Shaukat Ajmeri

Mickey Mouse and Afghan veggie kabab

2-minute read

This past weekend we went to an Afghan restaurant, and the choices on the menu was an affront – at least to a vegetarian. Between Veggie Mince Kabab and Veggie Chapli Kabab there was not much to choose from. For a split-second the carnivore in me reared its bloody head again, and like so many previous occasions, was quickly nipped into oblivion. Transitioning from a meat-eating culture is not easy. Temptations lie in wait every time you sit down to eat.

The funny thing is, Afghans treat their vegetable the way the Taliban treat their women – they never let them out. The veggies in my kabab must have been grown and prepared in some dark place and were perhaps seeing the light of day for the first time when it was put on plate in my honour. I felt a pang of pity for this thing, and was in no mood to give it any further grief. But pangs of hunger soon overtook and I dug into the kabab with gusto and started masticating it down to another dark place. The palate was not impressed. The kabab tasted just the way the dry, arid Afgan countryside would.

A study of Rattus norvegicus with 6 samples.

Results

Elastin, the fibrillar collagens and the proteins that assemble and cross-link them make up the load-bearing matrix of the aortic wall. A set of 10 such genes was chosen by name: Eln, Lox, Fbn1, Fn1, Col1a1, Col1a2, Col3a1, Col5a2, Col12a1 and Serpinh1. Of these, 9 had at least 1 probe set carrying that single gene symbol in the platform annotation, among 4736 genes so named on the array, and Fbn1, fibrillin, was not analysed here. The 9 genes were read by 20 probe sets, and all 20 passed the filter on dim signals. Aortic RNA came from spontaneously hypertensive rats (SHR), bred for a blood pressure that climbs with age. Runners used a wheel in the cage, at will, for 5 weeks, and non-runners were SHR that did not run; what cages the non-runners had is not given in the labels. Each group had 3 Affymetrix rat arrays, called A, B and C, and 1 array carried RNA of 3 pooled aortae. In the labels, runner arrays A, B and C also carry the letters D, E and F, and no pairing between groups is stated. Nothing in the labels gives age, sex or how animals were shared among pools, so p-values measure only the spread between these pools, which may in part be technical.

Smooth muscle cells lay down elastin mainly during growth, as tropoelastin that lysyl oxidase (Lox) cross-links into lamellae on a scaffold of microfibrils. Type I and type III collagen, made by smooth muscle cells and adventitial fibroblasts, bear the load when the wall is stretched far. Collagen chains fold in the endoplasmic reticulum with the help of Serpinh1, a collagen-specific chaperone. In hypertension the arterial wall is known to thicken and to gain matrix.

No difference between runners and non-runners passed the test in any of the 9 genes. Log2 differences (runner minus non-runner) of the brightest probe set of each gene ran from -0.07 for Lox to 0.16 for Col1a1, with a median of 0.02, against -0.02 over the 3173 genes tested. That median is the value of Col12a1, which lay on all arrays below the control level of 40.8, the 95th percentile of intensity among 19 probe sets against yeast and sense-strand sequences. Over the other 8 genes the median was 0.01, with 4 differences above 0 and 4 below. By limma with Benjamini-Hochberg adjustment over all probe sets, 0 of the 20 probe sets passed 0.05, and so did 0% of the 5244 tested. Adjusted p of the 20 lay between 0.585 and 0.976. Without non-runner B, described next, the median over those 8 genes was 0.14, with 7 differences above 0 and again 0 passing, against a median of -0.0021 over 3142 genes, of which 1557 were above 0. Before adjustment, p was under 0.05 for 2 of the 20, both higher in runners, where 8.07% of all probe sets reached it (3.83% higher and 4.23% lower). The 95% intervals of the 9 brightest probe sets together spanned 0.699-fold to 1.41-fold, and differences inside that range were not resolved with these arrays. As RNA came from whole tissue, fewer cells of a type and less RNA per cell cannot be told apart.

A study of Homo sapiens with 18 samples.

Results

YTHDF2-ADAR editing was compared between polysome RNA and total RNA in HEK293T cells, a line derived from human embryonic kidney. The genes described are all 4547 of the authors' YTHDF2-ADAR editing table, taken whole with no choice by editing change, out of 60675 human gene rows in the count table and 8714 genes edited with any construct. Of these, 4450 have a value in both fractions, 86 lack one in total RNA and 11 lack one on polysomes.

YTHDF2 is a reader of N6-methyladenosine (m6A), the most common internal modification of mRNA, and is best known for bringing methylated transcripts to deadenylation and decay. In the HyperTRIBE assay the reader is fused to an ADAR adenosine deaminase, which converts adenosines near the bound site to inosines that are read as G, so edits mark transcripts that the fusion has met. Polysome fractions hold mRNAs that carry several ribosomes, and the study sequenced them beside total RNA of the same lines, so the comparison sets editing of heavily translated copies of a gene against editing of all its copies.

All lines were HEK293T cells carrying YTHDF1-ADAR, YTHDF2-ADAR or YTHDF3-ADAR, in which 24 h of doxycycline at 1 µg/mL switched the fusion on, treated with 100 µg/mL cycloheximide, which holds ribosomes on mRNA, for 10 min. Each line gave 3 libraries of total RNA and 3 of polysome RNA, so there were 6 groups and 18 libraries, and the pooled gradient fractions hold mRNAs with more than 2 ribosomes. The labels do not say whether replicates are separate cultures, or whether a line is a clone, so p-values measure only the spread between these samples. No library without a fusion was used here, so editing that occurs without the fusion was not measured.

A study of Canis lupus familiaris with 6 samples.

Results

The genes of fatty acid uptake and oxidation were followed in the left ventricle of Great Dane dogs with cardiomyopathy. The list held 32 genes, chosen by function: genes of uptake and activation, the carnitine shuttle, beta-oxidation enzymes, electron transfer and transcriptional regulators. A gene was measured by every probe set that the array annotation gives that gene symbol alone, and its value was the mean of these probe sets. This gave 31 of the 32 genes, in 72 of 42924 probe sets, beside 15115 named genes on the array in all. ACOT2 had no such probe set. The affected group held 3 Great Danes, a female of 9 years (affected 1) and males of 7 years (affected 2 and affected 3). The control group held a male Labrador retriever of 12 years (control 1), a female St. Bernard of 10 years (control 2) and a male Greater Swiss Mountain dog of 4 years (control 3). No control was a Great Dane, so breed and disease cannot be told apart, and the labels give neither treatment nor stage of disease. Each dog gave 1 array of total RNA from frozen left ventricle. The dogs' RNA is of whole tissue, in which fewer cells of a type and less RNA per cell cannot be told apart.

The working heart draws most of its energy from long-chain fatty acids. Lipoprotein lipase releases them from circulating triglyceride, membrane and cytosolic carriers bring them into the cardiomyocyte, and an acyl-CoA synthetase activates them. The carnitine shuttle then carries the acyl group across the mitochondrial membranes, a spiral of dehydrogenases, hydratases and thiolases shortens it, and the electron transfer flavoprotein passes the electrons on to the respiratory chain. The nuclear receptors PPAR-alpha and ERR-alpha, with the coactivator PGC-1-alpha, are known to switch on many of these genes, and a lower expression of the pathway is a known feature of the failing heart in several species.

As if eating veggie kabab in an Afghan restaurant wasn’t odd enough, there soon appeared a Mickey Mouse character. The irony of this this life-size mouse in this setting was not lost on the people around. I felt a mixture of empathy and revulsion. Empathy for the poor, desperate guy who was driven to make a living in this manner. The burqa-clad Afghan women, I wondered, might feel no different from him – claustrophobic, demeaned and forced. But at least this guy had a choice. Apparently.

Revulsion because here was this Disney character symbolising everything American. And here was this restaurant representing everything Afghan. One a ruthless imperial occupying power. The other its poor, helpless victim. To see a Mickey Mouse in this context seemed a cruel joke – but only from a safe North American perspective.

In Afghanistan, joke was hardly the word one would associate with the savage American occupation. Afghans have been raped, ravaged and killed by the thousands and their country laid to waste. But all that cruelty and savagery as well as the cry and pain of the victims seemed distant and surreal. Just like the panoramic idyllic Afghanistan that the restaurant owner proudly displayed on the walls. For a moment the mind wandered trying to make sense of this mad, mad world but soon returned to the joys of the veggie kabab. All of a suddend, it tasted like irony.